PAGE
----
The reviewer, Judy Holdener, is an Associate Professor of Mathematics at Kenyon College.

Tom Leathrum's collection, *Mathlets: Java Applets for Math Explorations*, provides a set of interactive learning tools for Precalculus, Calculus, and beyond. For explorations in Precalculus, the collection includes interactive graphing tools for lines, parabolas, sine curves, roots of polynomials, exponential functions, and conic sections. The user can change coefficients and parameters and examine the output to better understand elementary functions and the significance of certain coefficients. For Calculus, Leathrum designed *Mathlets* to explore limits, concavity, sequences and series, Taylor polynomials, Newton's Method, parametric surfaces, the Jacobian, differential equations, and many other topics.

Although the collection is clearly a work in progress – many sections are under construction – Leathrum's website is easy to navigate, and users can learn how to use the materials quickly. Each mathlet is accompanied with instructions describing how to use it (sample), along with several characteristic examples (sample). The *Limits* mathlet, for example, demonstrates the limit of a function *f*(*x*) at *x* = *c* by generating tables of values of *f*(*x*) for values of *x* near *c*. To accompany the mathlet, Leathrum includes examples illustrating

- the limit of an indeterminate form,
- the limit of a difference quotient,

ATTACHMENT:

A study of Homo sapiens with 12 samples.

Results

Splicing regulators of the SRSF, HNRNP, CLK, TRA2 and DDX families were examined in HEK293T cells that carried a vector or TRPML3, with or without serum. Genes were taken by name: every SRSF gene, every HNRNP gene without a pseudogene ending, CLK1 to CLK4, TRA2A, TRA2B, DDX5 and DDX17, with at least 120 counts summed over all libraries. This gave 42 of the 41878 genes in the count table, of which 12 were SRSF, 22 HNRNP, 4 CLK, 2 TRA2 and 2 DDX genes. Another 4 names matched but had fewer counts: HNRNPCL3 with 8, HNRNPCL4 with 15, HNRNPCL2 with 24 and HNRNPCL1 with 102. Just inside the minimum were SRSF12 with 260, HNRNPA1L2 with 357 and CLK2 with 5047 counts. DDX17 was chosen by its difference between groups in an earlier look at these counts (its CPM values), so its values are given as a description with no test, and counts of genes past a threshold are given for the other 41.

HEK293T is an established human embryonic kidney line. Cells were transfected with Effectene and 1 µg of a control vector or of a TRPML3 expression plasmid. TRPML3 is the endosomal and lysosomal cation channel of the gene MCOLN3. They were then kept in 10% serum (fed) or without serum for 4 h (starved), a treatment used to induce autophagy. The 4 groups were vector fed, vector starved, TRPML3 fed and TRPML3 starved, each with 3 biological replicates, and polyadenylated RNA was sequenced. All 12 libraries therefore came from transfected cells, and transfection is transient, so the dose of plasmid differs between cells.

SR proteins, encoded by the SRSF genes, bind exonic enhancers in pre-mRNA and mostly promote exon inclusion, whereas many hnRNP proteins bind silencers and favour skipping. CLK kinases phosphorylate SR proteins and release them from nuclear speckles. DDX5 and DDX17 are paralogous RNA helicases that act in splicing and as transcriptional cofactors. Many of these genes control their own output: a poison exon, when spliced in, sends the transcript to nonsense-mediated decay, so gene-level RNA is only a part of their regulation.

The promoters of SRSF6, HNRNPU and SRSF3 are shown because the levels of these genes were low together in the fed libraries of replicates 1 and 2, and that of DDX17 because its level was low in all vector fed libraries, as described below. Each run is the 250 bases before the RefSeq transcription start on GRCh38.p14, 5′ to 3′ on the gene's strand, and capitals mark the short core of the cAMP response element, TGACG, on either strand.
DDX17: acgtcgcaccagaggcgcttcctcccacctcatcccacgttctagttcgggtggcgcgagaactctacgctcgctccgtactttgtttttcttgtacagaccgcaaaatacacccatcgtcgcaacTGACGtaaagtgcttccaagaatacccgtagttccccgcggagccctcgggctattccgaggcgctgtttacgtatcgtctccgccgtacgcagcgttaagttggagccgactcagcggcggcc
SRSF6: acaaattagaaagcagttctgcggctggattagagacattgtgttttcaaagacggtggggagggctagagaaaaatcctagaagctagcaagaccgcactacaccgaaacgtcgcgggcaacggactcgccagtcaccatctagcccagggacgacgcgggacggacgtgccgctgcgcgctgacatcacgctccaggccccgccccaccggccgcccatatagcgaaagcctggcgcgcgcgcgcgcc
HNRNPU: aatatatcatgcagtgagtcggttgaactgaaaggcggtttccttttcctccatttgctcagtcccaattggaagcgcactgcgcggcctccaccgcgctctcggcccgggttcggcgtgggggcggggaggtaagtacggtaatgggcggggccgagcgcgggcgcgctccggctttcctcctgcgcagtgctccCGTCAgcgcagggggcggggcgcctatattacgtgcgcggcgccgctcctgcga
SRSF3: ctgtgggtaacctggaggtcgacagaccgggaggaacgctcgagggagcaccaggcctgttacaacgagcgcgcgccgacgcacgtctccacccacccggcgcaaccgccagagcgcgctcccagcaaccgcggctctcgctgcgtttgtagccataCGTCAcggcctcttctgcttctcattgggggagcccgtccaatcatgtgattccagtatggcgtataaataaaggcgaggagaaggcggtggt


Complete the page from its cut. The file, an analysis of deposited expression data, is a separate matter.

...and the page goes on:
- the limit at a jump discontinuity, and
- the limit at a vertical asymptote.

With some of the applets, Leathrum also includes "other notes" (sample), aimed at students and instructors alike, to provide mathematical context for the applet, describe limitations of the applet, and summarize the main points of the concept under exploration.

For my own use in teaching Calculus, I imagine that Leathrum's *Mathlets* would be best used as an exploratory engine for students to answer a series of questions designed for guided discovery. It would likely take five or ten minutes getting the class up to speed on the use of the mathlet, and then I would set the class free to answer the questions. With carefully designed questions – yes, finding the right questions is the difficult part! – Leathrum's collection would be an effective learning tool. Although similar goals can be accomplished with computer algebra systems such as *Maple* or *Mathematica*, mathlets are perhaps more effective because students are less likely to be distracted by the technology. Although the user must learn how to represent functions and mathematical expressions in a form acceptable to the input text fields (and Leathrum includes a clear description of the acceptable expressions), *Mathlets* require very little knowledge of additional syntax.

Leathrum illustrates how he uses his collection in an exploration, Exponential Functions and their Derivatives, published in the first issue of JOMA. This exploration uses a small subset of the applets in the *Mathlets* collection, embedded within a series of web pages, to examine exponential functions and their derivatives as one cohesive story. I would have preferred that there be student exercises included within the web pages – I have found that some students are still developing their skills as active readers – but the mathlets themselves are interactive. The user can change parameters, examine the output, and analyze the results with very little trouble. It is not hard to imagine a future where mathematics texts are equipped with embedded mathlets allowing for greater interaction between the reader and the material!